NASA’s Juno Orbiter Keeps An Eye On Jupiter’s Storms

It’s already a known fact that Jupiter has one of the strangest atmospheres in the whole solar system. Such gas giants are believed to have a sort of semi-solid core, but they are mostly made of gasses such as hydrogen, ammonia, and helium.

It’s also worth noting that the planet is the fastest spinning orb in the solar system – this creates a lot of turbulence and some complex storm systems.

NASA’s Juno craft is orbiting Jupiter 

For a few years now, NASA’s Juno spacecraft has been orbiting the planet in order to keep a close eye on Jupiter’s behavior.

Wired just revealed that earlier this month, NASA announced that two telescopes the Hubble Space Telescope and the ground-based Gemini telescope, are going to team up with the Juno craft to help experts get a more detailed look at the planet.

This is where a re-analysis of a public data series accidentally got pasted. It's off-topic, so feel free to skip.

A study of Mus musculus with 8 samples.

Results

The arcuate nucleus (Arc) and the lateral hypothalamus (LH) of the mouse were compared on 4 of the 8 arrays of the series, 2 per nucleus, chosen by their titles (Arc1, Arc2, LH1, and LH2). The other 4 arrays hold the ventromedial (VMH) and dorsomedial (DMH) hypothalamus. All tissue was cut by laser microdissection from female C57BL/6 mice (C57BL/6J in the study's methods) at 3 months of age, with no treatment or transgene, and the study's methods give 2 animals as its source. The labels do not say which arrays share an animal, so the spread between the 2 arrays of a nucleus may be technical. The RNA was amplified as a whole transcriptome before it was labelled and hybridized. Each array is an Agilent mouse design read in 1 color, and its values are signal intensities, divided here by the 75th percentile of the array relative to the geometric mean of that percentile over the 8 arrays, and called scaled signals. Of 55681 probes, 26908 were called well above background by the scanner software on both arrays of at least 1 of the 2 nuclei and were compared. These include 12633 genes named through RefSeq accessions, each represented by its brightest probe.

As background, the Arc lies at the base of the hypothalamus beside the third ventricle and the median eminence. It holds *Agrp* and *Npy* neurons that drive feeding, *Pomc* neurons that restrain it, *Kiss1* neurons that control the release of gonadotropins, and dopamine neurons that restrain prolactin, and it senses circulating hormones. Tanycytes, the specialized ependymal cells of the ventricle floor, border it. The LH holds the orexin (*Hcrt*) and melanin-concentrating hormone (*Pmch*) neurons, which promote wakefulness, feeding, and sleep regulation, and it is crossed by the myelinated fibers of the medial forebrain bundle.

Experts want to understand the way in which Jupiter’s atmosphere works and the best way to do this is by looking at it through various wavelength filters, according to the same online publication that we mentioned above.

Both telescopes have all that they need to see what’s going on on the planet 

It also seems that both of the telescopes have the required filters to see into the haze of Jupiter. Experts will be able to get a complete look at what is happening on the planet.

Jupiter made headlines not too long ago when some new photos of Jupiter showed its turbulent weather in infrared.

The latest photo that NASA unveiled for enthusiasts can be compared to a painting due to the surreal and gorgeous patterns that are flowing through the planet’s atmosphere.

Thie latest new image that has been shared by the space agency comes from the spacecraft’s close approach to Jupiter back on February 17 when the coronavirus crisis was just beginning.